A temple-like monument, known as the Temple of Hadrian, stands in front of the Scholastica Baths, facing the Curetes Street. When it was discovered 1956 and subsequently re-erected in the following two years, it was commonly assumed that it really was the Temple of Emperor Hadrian, a "neocorate temple" of official worship of the Roman emperor. The permission to build such a temple in Ephesus was granted by Hadrian between 130 and 132 CE, and the archaeologists eagerly identified the building on Curetes Street as such.
The inscription placed on the architrave blocks of the building informs that it was dedicated to Hadrian and the neokoros demos of Ephesus by P. Quintilius Valens Varius, his wife, and his daughter, under the grammateus Ti. Claudius Lucceianus; it was inaugurated under the proconsul Q. Servaeus Innocens and the twice grammateus and asiarch P. Vedius Antoninus. P. Quintilius Valens Varius is the same person as the sponsor of the baths behind the temple.
However, many researchers today question this identification and point out to the much larger Temple of Hadrian/Olympieion instead. There are many reasons for the re-interpretation of this structure as convincingly discussed by Ursula Quatember. She explains that the erection date of the temple has been pushed back in time to the period of 117-119 CE. The motive for the reassessment of the dates is the presence of two people in the dedicatory inscription: Q. Servaeus Innocens and P. Vedius Antoninus who were active in the earlier period. This would mean that the building had been constructed around 10-15 years before Ephesus received permission to build a neocorate temple for Hadrian.
Almost all researchers are now in agreement that the "true" neocorate Temple of Hadrian is the one found in the so-called Olympieion area. However, several radical theories try to explain the true nature of the so-called Temple of Hadrian on Curetes Street. For instance, it was suggested that the building had been a memorial for Hadrian's lover, Antinous. Some scholars even discarded the idea that the building was actually a temple. In this view, the structure now decorating Curetes Street had originally been the propylon of the Hadrian's Temple in the Olympieion area, later re-used in the renovation of the Varius Baths. Such rather wild speculations have recently been rejected by Quatember who, after a detailed architectural analysis, has convincingly demonstrated that in its original conception the "Temple of Hadrian" was planned and erected together with the Varius Baths. Moreover, both buildings are tied together by their architecture.
The Temple of Hadrian, despite its small dimensions of 10 to 10 meters in the plan, is one of the most attractive structures in Ephesus. It reaches a height of about 8 meters. This modest-sized building is divided into two spaces: a front hall (pronaos) and a main room (cella). It is described as a variation of the tetrastyle prostyle plan. The prostyle means that it has a row of columns in front, and the tetrastyle specifies that there are four of them. In the case of the Temple of Hadrian, this design was modified, with two pillars on the sides and two regular columns placed between them. The pillars and columns, standing in front of the pronaos, are in the Corinthian order. They support a pediment with an arch in the centre, decorated with a bust of Tyche surrounded by acanthus leaves. The architrave is beautifully adorned with plant motifs and the dedicatory inscription discussed above. This design was most probably prepared by an architect from Syria, as this style was common there.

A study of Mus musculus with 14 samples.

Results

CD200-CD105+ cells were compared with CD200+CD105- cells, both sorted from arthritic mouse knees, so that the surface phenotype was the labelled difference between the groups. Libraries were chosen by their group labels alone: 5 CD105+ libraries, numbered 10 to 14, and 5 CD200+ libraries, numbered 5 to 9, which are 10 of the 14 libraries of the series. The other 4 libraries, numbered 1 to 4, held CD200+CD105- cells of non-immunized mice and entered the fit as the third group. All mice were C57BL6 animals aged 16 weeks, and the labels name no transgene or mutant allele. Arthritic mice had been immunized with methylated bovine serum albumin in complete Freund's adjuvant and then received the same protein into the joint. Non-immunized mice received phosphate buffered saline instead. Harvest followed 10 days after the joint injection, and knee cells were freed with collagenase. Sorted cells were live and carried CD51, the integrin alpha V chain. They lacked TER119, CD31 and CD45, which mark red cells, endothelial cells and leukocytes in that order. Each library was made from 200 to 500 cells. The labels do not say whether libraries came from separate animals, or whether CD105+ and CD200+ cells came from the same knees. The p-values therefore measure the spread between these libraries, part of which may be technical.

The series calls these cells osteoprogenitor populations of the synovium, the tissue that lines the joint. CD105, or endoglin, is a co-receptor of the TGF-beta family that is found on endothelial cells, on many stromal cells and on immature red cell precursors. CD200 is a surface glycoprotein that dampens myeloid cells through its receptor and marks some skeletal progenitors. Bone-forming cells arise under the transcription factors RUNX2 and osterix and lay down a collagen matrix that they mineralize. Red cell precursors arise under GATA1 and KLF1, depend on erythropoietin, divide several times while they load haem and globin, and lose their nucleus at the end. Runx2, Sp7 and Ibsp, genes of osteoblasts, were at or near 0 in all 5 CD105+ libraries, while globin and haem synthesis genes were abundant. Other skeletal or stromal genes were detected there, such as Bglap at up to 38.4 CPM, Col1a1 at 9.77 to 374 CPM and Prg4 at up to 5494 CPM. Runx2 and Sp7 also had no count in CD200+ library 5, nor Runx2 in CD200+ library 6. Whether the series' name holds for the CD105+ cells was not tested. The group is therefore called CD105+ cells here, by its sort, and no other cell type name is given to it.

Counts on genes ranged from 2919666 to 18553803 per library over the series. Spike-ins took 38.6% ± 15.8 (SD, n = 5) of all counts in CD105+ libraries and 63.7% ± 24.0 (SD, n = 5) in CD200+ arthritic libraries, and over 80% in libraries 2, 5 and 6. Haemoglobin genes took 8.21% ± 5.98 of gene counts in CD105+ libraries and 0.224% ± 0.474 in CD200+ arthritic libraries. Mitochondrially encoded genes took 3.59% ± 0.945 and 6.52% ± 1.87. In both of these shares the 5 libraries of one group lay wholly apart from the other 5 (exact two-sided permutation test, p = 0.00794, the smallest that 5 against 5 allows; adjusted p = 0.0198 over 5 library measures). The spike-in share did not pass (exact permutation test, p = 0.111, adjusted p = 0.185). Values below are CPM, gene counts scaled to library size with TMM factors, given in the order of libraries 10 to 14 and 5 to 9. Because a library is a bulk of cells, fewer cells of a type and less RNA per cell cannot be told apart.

The cella of the temple, in contract to the pronaos, was very simply decorated and there was the base of the cult statue against the back wall, aligned with the entrance. It possibly once held the statue of Emperor Hadrian. The cella was 7.5 meters wide and 5 meters long. It was roofed by a barrel vault. The tympanum above the door to the cella was decorated with the relief of Medusa, set among acanthus leaves and scrolls.
The building was later modified, following an earthquake in the 4th century. Four reliefs were placed in the pronaos, are most commonly dated to the end of the 4th century, but other theories state that they date back to the 3rd century, or even to the original structure. The dating of the reliefs has not been satisfactorily explained so far. These reliefs depict the foundation myth of Ephesus, an anonymous emperor sacrificing in front of a garlanded altar, four Amazons fleeing from Dionysus, and a gathering of deities and heroes. The reliefs that can be seen today in Ephesus are the copies, and the originals are displayed in the Ephesus Museum in Selçuk.
Another later addition to the temple were four statues, placed in front of the building. Their pedestals are still in situ, but the statues have not been found. It is commonly assumed that they depicted the tetrarchs: Diocletian, Maximianus, Constantius Chlorus, and Galerius. Later, Emperor Theodosius possibly substituted the one for Maximian with the statue of his father, as part of his refurbishment of Curetes Street.
The temple was destroyed at an unknown date, and its blocks were reused for the construction of the retaining wall in the middle of Curetes Street. This wall was erected to prevent the débris from devastated structures and abandoned hillside areas from falling onto the street. The temple was rebuilt from original fragments and the supplementation with modern building materials in 1957/1958. It subsequently underwent an extensive conservation project from 2012 to 2014.
This text is a fragment of a guidebook to Ephesus: "The Secrets of Ephesus".